We met up with reclusive author Jim Kokoris at a tony New York restaurant to discuss his latest novel, “The Pursuit of Other Interests.” Kokoris was characteristically distant throughout our interview; despite the fact that he was sitting across the table from me, he texted his responses to my questions from his BlackBerry. The rambling interview, which lasted seven hours (including numerous bathroom breaks, two naps and a French lesson), offers a glimpse into the minds of one of our generation’s most enigmatic and under-appreciated humor writers.
Q. Good to see you again.
A. I imagine it’s is.
Q. How have you been?
A. I is OK. Pretty goods.
Q. Can you please put the BlackBerry down? You’re not very good at texting.
A. OK!!. LOL!!!
Q. Thank you. Your new book, The Pursuit of Other Interests, is getting good reviews. What’s it about?
A. *PENSIVE PAUSE* What can I tell you, I mean it’s just a dynamite book.
Q. Can you possibly be more specific?
A. *LONG SIGH* It’s about a 50-year-old man who loses his job but doesn’t tell his family.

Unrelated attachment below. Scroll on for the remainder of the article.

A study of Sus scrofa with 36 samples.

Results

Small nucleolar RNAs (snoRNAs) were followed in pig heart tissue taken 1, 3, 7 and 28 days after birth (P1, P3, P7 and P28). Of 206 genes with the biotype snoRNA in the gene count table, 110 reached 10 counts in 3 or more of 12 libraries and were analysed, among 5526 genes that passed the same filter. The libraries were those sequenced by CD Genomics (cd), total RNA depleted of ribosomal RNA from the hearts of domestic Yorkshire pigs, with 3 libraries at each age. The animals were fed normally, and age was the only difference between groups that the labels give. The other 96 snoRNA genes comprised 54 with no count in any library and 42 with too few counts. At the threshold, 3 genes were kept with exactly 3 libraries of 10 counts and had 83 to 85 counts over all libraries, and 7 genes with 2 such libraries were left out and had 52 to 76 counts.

Q. Very timely. Were you at all inspired by the recession?
A. Actually, first I wrote the book, then I caused the recession.
Q. What is the theme of the book?
A. *ANOTHER LONG SIGN* It’s fairly obvious. Unless you’re saving babies in the sub-continent, don’t let work be your life. Especially if you work in advertising.
Q. Is any of the book autobiographical?
A. I went through a Charlie phase early in my career. I’m also a hypochondriac.
Q. Is that why you’re wearing a surgical mask?
A. *PAUSE* One of the reasons.
Q. Do you think people hide behind their work?
A. For some people, work is an excuse—they can hide from their families, and even themselves. They kid themselves into thinking what they’re doing is really important. In the end though, very few of us are doing anything essential.
Q. Have you ever been fired?
A. Yes. I was a stock boy at Walgreen’s. I was sixteen. (I had been caught throwing Kotex boxes at a good friend, Steve, who also worked there.) I admit, I didn’t see it coming. I fully expected to retire from that company.
Q. What ends up happening to Charlie?
A. You know something? I have no idea. I haven’t heard from him in months.